The Development of Predicative Possession in Slavic Languages
The Grammar of Possessivity in South Slavic Languages: Synchronic and Diachronic Perspectives, Slavic Research Center, (2010)
Possession is among the universal concepts which are hard to de- fine explicitly, since they are inherently vague. The semantic dispersion of possessive language structures from the prototypical possession (ownership) to the abstract one, including both attributive and predica- tive patterning, indicates that this is an extremely fuzzy category. In a great number of possessive constructions the semantic of possession is interwoven with some other meaning as concomitant or even domi- nant, which creates difficulties in defining the concept. R. Mrazek, for example, divides the concept into possession in the narrow sense and possession in a wide sense, where the very moment of possession is weakened and irrelevant, while A. V. Isačenko argues that only the relation of “ownership” deserves the label “possessive”. However, no matter what the proposed subtypes of this cognitive domain are, they all have a common conceptual core.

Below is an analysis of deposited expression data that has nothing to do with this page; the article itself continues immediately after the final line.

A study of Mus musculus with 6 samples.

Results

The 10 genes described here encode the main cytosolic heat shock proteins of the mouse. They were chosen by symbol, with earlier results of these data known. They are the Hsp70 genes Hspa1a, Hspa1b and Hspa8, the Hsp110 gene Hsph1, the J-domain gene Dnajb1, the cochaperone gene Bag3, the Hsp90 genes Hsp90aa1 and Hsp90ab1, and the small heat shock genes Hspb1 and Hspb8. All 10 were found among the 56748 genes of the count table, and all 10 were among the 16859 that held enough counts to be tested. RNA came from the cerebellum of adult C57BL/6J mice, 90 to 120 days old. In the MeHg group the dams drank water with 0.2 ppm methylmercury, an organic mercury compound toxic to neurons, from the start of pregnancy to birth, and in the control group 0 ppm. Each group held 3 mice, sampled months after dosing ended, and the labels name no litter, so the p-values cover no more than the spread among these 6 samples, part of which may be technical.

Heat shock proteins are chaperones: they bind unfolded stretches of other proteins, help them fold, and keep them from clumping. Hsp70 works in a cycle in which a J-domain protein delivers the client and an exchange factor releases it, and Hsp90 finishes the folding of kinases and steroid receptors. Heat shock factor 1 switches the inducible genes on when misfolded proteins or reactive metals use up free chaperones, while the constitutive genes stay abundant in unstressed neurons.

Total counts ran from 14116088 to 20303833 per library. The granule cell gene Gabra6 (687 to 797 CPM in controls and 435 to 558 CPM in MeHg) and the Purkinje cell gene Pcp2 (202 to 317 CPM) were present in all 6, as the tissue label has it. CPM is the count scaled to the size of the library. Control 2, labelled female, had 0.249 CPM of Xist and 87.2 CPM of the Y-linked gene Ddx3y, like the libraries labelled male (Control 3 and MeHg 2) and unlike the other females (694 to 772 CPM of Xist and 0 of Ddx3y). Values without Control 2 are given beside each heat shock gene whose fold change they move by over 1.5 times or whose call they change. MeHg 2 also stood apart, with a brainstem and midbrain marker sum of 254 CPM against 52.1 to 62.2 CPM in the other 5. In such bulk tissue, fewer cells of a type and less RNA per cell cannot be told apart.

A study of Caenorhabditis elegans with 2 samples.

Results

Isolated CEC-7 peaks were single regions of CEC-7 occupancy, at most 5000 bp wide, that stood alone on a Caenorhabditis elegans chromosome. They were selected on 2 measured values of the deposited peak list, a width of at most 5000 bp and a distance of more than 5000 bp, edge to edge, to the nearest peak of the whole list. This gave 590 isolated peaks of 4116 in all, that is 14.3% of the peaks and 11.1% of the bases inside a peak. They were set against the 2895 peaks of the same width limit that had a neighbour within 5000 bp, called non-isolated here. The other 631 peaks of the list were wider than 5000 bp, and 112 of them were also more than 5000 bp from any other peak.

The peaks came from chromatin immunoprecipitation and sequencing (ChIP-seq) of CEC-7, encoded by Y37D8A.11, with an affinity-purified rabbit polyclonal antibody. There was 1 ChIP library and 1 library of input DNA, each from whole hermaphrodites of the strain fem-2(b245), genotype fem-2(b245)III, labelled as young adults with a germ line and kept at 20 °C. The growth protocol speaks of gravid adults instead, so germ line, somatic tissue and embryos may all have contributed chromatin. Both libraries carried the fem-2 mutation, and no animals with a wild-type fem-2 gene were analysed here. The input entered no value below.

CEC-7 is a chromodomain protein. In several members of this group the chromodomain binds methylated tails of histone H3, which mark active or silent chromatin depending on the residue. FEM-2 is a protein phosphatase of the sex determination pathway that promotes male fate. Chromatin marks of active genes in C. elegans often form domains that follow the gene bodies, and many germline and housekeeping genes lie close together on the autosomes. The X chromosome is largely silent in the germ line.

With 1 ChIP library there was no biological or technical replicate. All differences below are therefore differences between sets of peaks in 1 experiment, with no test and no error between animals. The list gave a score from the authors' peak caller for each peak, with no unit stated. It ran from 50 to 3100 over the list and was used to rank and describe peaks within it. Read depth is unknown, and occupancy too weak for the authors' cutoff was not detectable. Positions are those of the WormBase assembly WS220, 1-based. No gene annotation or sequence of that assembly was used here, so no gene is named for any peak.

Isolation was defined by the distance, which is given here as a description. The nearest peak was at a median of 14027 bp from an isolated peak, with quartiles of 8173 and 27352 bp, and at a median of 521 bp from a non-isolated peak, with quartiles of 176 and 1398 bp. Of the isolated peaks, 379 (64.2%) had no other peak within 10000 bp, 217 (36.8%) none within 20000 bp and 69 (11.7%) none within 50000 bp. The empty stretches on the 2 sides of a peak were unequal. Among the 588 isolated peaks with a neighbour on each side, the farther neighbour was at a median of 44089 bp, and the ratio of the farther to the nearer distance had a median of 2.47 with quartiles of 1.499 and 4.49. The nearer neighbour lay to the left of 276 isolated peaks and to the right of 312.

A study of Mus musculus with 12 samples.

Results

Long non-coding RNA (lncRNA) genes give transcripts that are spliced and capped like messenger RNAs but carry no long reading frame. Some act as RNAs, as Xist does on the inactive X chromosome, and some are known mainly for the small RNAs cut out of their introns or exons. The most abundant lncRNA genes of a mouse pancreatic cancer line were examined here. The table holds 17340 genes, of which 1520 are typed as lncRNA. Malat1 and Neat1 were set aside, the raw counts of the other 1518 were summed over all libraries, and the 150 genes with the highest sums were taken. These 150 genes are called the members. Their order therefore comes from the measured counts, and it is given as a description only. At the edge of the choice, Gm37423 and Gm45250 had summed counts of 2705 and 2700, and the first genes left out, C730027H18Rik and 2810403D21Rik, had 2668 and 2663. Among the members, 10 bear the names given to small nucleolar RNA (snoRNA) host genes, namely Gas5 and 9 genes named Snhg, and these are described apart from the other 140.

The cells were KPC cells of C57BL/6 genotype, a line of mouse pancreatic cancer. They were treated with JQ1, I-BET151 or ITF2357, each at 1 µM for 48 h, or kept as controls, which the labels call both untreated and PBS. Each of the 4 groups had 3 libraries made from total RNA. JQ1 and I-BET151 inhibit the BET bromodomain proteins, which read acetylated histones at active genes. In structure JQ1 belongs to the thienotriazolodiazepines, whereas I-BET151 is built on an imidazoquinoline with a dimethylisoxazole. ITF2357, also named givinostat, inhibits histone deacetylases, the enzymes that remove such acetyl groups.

This core, following H. Seiler, would be a relationship pattern: “linguistic possession consists of the relationship between a substance and another substance”. The concept of possession is linguistically encoded in different ways, but they are all founded on event schemas derived from the more concrete domains of basic physical experiences: Action, Location, Accompaniment and Existence. The goal of this paper is to generally present the development of predicative possession in Slavic languages. We start from the inherited Proto-Indo-European and Proto-Slavic structures and then follow their development in the early history of Slavic. The aim is also to investigate the internal language causes and mechanisms of the change, as well as the possible role of language contacts in the process.